Former NYPD commissioner Ray Kelly, and the cops who made up his superlative anti-terror unit, can stand a little taller in the wake of the weekend bombings in New York City and New Jersey. While much remains to be learned about the incidents, this much is clear: Kelly’s view of Islamist terrorism as a multi-state threat, and thus a legitimate subject for sophisticated law-enforcement attention, has been vindicated.
Not that Kelly and his crew really need vindication—at least in the eyes of people who take the Islamist threat to America seriously. Unhappily, that group doesn’t include New York City mayor Bill de Blasio, who did his level best to hobble the NYPD’s anti-terror effort by disbanding a key component of it upon taking office. Also absent is the Associated Press, which won a Pulitzer Prize in 2012 for exposing Kelly & Co.’s anti-terror tactics—paying particular attention to the commissioner’s conviction that New Jersey is a fertile breeding ground for wannabe jihadists.
Exhibit A in that respect, of course, remains the 1993 terror bombing of the World Trade Center. Six people were killed and more than 1,000 injured in a Jersey-based scheme masterminded by Omar Abdel-Rahman, the so-called Blind Sheikh. Several of the 16 terror plots derailed wholly or in part by Kelly’s gumshoes also had Jersey components. Now comes Ahmad Khan Rahami of Elizabeth, New Jersey. The naturalized American citizen born in Afghanistan was arrested Monday and charged with leaving homemade bombs like Easter eggs all over the Garden State and Manhattan.
Given what’s known, there’s little reason to assume that the Kelly surveillance operation would have identified and nabbed Rahami before the fact. And, it will be all well and good if it turns out that the de Blasio NYPD is working hand-in-glove with the FBI these days. But such cooperation wasn’t always routine, which was the root of Kelly’s concern post 9/11. In part, the enmity was rooted in the traditional tensions between the feds and local police agencies. At the same time, it wasn’t unreasonable to question the FBI—an agency that had failed to anticipate 9/11, badly fumbled its probe of the 2001 anthrax attacks, and truly embarrassed itself with its inept response to the 1996 Olympic bombings in Atlanta.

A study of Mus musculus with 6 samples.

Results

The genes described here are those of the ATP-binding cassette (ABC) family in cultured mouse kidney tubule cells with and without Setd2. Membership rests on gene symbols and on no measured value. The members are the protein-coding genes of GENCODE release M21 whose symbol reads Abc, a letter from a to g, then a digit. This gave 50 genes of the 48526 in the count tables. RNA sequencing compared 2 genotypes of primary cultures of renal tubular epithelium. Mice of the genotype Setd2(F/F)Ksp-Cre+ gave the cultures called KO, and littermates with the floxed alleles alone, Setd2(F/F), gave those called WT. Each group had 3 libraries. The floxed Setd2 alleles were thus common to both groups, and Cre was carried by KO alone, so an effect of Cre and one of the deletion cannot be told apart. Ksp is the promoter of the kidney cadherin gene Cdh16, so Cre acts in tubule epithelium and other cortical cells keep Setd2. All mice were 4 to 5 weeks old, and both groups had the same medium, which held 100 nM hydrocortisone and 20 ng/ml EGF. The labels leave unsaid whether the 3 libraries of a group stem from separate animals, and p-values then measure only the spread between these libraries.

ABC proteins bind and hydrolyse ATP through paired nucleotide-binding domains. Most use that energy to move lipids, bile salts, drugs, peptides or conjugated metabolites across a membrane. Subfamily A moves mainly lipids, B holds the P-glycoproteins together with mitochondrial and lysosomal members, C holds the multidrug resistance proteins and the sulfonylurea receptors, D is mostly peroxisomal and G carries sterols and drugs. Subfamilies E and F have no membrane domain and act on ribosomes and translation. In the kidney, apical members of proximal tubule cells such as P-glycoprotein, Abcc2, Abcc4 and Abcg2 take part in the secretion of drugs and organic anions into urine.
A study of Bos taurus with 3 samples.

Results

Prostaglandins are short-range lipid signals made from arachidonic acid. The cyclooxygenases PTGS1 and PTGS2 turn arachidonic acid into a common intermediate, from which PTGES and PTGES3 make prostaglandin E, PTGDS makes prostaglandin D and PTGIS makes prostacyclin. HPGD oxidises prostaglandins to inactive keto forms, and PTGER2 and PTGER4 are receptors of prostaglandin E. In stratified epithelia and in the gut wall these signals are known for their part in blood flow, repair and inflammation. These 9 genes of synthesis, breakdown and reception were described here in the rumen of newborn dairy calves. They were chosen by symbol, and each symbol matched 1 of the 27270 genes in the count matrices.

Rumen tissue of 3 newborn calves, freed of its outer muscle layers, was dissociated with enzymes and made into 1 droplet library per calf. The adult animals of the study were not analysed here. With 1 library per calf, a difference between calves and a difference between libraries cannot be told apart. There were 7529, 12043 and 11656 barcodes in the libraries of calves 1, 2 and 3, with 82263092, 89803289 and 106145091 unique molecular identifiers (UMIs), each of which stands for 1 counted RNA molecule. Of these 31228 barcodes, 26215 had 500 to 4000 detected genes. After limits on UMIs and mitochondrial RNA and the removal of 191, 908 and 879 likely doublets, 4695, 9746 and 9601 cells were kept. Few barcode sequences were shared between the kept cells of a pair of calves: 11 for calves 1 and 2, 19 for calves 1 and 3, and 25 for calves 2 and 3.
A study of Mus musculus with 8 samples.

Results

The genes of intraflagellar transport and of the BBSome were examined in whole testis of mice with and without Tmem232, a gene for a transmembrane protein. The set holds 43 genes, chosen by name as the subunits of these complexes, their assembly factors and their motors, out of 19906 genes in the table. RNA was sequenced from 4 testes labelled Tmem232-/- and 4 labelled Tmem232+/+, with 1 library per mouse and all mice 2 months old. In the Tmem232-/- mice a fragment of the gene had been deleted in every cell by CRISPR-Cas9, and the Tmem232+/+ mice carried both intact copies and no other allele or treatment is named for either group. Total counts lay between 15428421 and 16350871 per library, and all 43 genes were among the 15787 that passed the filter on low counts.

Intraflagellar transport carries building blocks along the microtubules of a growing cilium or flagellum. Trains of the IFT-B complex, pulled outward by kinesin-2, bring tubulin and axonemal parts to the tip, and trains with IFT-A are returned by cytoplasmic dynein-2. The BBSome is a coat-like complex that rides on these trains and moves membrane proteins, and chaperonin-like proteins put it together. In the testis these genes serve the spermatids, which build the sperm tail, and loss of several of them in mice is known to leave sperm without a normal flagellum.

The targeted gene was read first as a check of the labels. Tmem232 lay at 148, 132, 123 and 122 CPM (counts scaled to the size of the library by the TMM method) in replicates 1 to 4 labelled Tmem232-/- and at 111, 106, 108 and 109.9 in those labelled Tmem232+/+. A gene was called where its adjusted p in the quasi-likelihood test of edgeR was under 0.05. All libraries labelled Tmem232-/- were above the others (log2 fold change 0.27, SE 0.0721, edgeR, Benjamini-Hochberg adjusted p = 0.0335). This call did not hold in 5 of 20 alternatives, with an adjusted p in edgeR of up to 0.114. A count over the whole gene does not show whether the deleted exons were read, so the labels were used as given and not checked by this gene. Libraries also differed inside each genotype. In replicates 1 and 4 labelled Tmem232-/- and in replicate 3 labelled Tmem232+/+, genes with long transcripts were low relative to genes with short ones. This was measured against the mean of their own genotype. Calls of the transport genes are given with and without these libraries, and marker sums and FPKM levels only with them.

To be most charitable, the FBI’s core mission has always been after-the-fact prosecution of crimes, and not preemption. Kelly’s sole concern was to prevent future attacks. Then-mayor Michael Bloomberg made sure that he had the resources to go that route. The surveillance Kelly’s cops undertook was entirely legal, conducted by an investigatory unit with decades of experience and scrupulously pursued under terms of a detailed federal-court consent decree. Nobody’s civil rights were violated.
None of this mattered much to the Associated Press or to Kelly’s critics. Some of them—the sort who view the Constitution as akin to a suicide pact—were sincerely motivated. Others were propelled by demons known best to themselves, including ideology, politics, and personal pique. Whatever their motivation, their goal was to shut down the Kelly approach—and de Blasio bought in.
Fast-forward to the weekend. The speed with which Rahami found himself in handcuffs suggests that not all of the NYPD’s teeth were pulled. On the other hand, the suspect doesn’t appear to have presented much of a challenge to law enforcement. Leaving a fingerprint on a cell phone and clumsily falling victim to surveillance video—not to mention falling asleep amid a manhunt in the doorway of a Linden, New Jersey bar—suggests a very short career in terrorism. Still, the entire episode underscores yet again the pressing need for sophisticated preemptive-intelligence collection. That was Kelly’s goal. He was more than a little good at it, and New York and New Jersey were safer because of it.